Serialize And Unserialize With PHP

Monday, June 30, 2008 - 09:30

If you have an object or array that you want to save until a later you can use the serialize() and unserialize() functions. The operation of the functions are straightforward. To serialize() an array just pass the serialise function the array like this.

$serializedArray = serialize($array);

Now when we print the serialized array out we get the following.

a:4:{i:0;i:1;i:1;i:2;i:2;i:3;i:3;i:4;}

This contains all of the data needed to recreate our array. Be careful not to edit this string because it will not work if you want to unserialize it and get the array back. You can store this string in a file or a database so that you can recreate the exact same array at a later date.

If you do chose to store the serialized string in a database you might want to encode it as well. This is to stop the database encoding or removing any characters and destroying your array. To encode the string you can use the base64_encode function in this way.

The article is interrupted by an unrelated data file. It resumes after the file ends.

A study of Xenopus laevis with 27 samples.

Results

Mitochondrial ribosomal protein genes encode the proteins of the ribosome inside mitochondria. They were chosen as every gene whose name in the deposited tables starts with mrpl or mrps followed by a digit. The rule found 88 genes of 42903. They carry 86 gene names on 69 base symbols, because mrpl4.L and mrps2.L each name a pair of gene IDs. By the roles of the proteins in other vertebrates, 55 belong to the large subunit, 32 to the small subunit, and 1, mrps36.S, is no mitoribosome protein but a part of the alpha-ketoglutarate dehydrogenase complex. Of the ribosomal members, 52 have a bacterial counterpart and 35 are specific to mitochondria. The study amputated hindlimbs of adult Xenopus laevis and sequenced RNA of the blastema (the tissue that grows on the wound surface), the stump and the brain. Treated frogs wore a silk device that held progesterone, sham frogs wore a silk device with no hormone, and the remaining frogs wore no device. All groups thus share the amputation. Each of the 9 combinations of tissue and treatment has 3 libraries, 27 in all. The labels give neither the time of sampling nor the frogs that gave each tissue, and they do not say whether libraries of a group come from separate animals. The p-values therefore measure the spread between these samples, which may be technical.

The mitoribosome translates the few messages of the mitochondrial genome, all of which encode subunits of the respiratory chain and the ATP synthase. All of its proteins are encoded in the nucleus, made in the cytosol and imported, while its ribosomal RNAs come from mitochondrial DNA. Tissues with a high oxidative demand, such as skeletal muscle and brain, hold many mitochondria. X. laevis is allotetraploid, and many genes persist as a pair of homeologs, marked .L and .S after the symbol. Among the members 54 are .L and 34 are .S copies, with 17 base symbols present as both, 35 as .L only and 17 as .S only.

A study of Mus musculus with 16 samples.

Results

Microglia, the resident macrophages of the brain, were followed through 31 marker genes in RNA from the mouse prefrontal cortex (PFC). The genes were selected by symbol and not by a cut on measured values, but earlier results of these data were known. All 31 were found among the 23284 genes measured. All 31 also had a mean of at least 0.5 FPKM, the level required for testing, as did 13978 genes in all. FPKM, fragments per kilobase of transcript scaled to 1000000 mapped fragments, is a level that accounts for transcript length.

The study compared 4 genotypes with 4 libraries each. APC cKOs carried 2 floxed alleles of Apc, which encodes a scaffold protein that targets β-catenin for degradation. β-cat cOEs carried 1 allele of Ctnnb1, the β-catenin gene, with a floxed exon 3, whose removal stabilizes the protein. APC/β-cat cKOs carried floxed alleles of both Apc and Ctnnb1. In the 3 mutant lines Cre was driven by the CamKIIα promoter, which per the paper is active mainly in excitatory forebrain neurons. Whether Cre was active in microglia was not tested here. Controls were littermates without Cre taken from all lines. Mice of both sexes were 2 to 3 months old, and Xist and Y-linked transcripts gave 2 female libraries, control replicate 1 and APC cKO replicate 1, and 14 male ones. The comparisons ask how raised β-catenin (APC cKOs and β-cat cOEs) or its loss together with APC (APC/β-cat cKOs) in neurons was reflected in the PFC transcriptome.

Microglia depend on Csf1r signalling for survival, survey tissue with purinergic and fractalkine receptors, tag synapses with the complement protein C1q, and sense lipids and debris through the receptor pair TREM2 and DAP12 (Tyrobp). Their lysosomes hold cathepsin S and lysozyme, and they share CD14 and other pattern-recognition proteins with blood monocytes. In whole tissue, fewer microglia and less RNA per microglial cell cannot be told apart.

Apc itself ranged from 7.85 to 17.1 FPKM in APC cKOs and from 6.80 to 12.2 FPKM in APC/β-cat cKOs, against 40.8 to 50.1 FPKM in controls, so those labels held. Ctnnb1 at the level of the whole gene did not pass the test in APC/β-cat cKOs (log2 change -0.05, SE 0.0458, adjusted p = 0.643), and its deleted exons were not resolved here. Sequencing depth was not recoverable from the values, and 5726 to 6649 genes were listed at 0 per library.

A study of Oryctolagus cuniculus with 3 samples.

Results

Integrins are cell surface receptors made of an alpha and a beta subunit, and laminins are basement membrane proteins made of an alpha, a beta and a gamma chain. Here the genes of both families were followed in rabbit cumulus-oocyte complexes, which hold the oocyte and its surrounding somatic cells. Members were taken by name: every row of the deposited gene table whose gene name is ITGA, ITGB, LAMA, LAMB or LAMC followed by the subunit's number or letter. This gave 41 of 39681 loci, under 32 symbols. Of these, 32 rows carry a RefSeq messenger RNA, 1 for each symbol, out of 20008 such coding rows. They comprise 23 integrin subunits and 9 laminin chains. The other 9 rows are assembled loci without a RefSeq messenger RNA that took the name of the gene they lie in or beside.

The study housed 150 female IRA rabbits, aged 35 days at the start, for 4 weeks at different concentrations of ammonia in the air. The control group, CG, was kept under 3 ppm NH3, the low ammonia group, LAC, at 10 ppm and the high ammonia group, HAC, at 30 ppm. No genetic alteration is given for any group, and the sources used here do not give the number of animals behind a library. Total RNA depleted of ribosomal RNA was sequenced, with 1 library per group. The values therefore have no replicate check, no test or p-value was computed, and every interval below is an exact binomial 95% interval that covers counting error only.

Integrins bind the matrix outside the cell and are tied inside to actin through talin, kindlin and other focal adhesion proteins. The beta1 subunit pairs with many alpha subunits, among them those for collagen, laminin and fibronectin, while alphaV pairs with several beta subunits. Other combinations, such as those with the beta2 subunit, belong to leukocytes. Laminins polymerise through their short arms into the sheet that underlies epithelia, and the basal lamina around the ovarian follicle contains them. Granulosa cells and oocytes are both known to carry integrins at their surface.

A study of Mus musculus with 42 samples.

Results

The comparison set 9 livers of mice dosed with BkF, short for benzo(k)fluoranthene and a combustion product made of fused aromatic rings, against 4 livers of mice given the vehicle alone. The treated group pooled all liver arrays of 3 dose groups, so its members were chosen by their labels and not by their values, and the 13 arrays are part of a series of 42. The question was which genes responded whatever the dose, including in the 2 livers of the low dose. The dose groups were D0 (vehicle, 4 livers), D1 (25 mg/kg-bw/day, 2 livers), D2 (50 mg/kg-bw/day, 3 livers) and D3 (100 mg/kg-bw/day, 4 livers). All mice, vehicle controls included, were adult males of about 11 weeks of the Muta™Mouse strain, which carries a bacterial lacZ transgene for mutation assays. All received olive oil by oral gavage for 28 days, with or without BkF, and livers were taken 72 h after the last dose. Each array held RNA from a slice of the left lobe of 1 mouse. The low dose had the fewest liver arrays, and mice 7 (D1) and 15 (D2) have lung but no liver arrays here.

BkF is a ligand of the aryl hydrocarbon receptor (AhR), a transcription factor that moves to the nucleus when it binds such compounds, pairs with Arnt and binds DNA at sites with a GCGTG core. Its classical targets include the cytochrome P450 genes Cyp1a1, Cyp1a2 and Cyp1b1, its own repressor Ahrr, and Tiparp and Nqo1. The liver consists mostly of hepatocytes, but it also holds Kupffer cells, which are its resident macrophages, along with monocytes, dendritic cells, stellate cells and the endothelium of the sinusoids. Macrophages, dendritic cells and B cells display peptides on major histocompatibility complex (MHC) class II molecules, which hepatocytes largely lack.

$encodedSerializedArray = base64_encode(serialize($array));

This string now contains the following.

YTo0OntpOjA7aToxO2k6MTtpOjI7aToyO2k6MztpOjM7aTo0O30=

To get the array back again we use the unserialize() function like this. If you used the base64_encode() to encode the array then you can use the base64_decode() function to turn it back into an unserializable string again.

$array = unserialize($array);

The $array variable now contains our original array.

The same can also be done with objects in exactly the same way. The main difference is that PHP will try to call the __wakeup() function of the object (if it exists) once it has been reconstructed.


Phil is the founder and administrator of #! code and is an IT professional working in the North West of the UK.